The same Canadian highways that serve as corridors for freight are also used to move the victims of human trafficking. But a new online training resource is engaging the truckers who travel these routes in the fight against the crime.
“This survivor-led human trafficking online training for professional drivers will help assist drivers in knowing what to look for and how they can help eradicate this heinous crime,” said Shelley Uvanile-Hesch, CEO of the Women’s Trucking Federation of Canada.
The federation, working with $47,000 in provincial funding and support from the Trucking Human Resources Sector Council – Atlantic, helped establish the training that will be available through providers such as CarriersEdge and the Ontario Safety League.
While the crime is not unique to Ontario, the province accounted for 1.6 human trafficking incidents per 100,000 residents in 2016.
“Our 400-Series highways are hotbeds of trafficking movement – allowing traffickers to transport victims between cities and towns throughout the province,” said Mississauga Centre MPP Natalia Kusendova.
She will lend her own voice to a French version of the training material that is voiced in English by Timea Nagy, a human trafficking survivor.
“Being on the front lines of Ontario’s highways, our friends in the trucking industry play a crucial role in identifying the signs of human trafficking, and assisting law enforcement to bring perpetrators to justice,” Kusendova said.
The Ontario Trucking Association (OTA) is already throwing its support behind the initiative, pledging to help put material in the hands of the province’s truck drivers.
“That’s 100,000 eyes and ears that can stop this heinous crime,” said OTA CEO Stephen Laskowski. “The more people that can help [with] this, the more that we can put these evil criminals out of business.”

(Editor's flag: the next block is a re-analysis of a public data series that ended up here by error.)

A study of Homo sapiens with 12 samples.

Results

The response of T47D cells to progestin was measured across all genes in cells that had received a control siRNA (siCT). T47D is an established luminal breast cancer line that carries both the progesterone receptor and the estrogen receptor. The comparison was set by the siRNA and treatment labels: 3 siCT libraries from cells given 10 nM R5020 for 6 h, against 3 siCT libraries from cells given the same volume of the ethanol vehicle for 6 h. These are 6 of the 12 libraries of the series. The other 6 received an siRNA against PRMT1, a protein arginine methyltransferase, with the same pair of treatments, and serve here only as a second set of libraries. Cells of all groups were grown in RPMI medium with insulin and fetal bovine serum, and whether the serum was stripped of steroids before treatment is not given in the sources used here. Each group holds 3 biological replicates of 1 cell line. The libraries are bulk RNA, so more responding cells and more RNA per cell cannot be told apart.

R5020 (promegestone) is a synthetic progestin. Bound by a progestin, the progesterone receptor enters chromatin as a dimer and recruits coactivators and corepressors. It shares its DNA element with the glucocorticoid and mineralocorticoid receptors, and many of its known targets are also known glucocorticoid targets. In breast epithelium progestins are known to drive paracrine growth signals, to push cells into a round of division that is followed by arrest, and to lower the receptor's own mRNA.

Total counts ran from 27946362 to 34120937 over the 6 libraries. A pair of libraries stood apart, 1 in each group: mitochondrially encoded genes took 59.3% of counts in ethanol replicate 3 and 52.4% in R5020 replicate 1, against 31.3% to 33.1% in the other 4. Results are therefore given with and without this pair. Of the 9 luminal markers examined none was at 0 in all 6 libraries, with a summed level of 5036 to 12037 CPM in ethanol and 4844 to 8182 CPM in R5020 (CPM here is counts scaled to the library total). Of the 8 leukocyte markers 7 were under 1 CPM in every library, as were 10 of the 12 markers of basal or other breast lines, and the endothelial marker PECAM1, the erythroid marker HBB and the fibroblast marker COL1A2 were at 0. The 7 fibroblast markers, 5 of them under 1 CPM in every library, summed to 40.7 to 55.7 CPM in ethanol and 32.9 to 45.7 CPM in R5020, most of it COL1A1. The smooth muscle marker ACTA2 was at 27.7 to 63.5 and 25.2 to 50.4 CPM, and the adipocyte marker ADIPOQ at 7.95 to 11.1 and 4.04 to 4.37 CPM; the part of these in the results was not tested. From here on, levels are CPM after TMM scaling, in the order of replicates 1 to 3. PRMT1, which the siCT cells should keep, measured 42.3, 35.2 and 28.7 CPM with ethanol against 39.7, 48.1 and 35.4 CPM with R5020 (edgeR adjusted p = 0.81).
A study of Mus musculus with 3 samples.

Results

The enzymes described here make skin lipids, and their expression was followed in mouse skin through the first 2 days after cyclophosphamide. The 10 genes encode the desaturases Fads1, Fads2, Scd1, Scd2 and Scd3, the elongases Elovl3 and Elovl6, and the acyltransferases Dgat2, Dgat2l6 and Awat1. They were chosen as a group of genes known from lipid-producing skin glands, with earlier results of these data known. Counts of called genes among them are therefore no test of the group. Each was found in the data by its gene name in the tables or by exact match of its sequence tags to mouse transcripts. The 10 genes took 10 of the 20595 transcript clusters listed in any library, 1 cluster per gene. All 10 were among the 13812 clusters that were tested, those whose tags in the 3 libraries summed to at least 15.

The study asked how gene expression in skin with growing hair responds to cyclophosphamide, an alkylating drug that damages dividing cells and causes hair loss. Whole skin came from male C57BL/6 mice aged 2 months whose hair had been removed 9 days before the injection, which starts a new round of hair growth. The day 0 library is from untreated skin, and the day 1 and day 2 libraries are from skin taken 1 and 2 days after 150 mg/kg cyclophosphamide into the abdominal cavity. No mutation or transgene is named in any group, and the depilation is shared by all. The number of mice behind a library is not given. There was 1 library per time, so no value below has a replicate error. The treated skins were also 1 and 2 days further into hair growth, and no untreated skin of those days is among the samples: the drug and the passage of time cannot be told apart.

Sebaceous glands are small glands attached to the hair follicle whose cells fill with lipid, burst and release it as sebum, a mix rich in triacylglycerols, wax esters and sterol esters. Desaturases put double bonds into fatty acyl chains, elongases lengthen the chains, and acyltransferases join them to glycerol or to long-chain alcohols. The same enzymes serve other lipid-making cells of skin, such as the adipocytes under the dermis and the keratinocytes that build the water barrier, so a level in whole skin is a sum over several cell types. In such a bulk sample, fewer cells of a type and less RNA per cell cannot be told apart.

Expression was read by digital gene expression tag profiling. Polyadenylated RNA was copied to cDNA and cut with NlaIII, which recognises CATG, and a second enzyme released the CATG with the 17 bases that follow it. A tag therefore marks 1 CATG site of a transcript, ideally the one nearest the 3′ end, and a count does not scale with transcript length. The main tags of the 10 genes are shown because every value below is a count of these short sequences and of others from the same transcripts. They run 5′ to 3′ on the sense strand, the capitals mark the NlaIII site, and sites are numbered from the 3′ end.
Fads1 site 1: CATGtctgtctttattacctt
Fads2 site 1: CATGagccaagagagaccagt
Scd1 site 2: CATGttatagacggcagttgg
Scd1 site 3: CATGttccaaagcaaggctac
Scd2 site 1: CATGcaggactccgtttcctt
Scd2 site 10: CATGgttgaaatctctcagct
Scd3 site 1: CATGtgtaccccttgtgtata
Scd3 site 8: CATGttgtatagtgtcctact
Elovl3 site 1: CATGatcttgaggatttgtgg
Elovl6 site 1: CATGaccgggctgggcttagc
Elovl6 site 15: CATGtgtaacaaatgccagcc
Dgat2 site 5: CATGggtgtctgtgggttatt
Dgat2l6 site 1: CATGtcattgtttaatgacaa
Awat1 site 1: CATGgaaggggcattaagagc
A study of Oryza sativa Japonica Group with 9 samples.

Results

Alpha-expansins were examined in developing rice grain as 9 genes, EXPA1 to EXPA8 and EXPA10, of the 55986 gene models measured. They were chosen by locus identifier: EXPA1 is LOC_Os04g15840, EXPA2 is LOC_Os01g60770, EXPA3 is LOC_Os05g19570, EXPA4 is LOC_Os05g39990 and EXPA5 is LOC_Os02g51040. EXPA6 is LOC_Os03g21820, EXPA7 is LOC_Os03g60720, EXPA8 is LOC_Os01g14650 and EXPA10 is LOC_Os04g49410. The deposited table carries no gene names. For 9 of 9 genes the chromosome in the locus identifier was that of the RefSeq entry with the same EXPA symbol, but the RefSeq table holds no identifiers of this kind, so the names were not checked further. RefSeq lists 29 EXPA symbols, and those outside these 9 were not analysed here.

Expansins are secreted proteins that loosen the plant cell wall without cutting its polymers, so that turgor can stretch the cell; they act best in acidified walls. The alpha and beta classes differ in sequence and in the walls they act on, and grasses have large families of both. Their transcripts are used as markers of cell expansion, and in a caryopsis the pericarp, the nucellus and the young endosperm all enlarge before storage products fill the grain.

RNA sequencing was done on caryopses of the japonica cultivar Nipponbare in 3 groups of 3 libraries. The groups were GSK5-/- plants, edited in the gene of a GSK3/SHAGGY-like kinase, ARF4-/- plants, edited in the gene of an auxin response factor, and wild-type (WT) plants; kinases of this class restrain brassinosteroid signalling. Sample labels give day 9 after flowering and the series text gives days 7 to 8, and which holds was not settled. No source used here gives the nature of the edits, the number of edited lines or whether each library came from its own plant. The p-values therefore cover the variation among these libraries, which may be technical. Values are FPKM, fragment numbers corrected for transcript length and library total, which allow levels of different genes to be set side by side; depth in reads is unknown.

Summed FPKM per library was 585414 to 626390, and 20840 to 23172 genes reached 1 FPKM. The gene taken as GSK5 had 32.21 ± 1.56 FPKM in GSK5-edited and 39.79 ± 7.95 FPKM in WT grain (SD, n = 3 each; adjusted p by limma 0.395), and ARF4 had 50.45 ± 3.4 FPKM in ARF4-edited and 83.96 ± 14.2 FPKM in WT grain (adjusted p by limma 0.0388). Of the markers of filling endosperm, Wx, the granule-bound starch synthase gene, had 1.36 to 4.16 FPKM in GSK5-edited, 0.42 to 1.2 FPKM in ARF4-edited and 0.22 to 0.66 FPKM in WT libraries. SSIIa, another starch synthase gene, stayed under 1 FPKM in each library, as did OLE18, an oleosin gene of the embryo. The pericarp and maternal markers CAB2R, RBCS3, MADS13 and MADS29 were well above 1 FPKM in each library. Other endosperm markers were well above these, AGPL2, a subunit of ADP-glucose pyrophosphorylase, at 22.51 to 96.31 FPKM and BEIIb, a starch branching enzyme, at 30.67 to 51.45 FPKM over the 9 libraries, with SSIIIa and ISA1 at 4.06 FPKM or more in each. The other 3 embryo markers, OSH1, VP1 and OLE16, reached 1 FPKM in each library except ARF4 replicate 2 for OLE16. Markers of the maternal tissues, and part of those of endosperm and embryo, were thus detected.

Related resources will include emergency virtual support for trafficking victims, as well as free information to help them re-integrate into society. “Classes are strictly designed and delivered by survivors, for survivors,” Uvanile-Hesch stressed.
“Human trafficking is an issue that requires a multi-sectoral response,” added Transportation Minister Caroline Mulroney, noting that she first began working on the issue when serving as attorney general. “We are using every tool at our disposal to contribute to our government’s broader effort to put an end to this horrific crime and to support the victims of human trafficking.”
The province is also raising awareness through information available at ONroute rest areas, carpool lots, and truck inspection stations.
The new training program adds to several initiatives across North America that are educating truck drivers about the signs of human trafficking and how to report the activity.
The Alberta Motor Transport Association (AMTA) has teamed up with #NotInMyCity to deliver a 30-minute course on the topic. And Truckers Against Trafficking, founded in the U.S. in 2009, also expanded into Canada in September 2019.
Said Kusendova: “It truly does take a village to end human trafficking.”
Red flags of human trafficking
Truckers may notice several signs that indicate potential human trafficking activity. According to www.knowhumantrafficking.com, these include:
- Someone who doesn’t know their whereabouts or lacks control of their ID or passport
- Restricted or controlled communication, where the person is not allowed to speak for themselves or is being watched or followed
- Vehicles that appear to be dropping women off or picking them up within a short timeframe, and vehicles that appear to be delivering multiple women into a male-dominated area
- Signs of assault
The online resource stresses that truck drivers should not approach the traffickers themselves. Instead, they should collect information such as details about vehicles, licence plates, and U.S. DOT numbers, or even take pictures of such things if is safe to do so.
Then call law enforcement or the anti-human-trafficking hotline at 833-900-1010.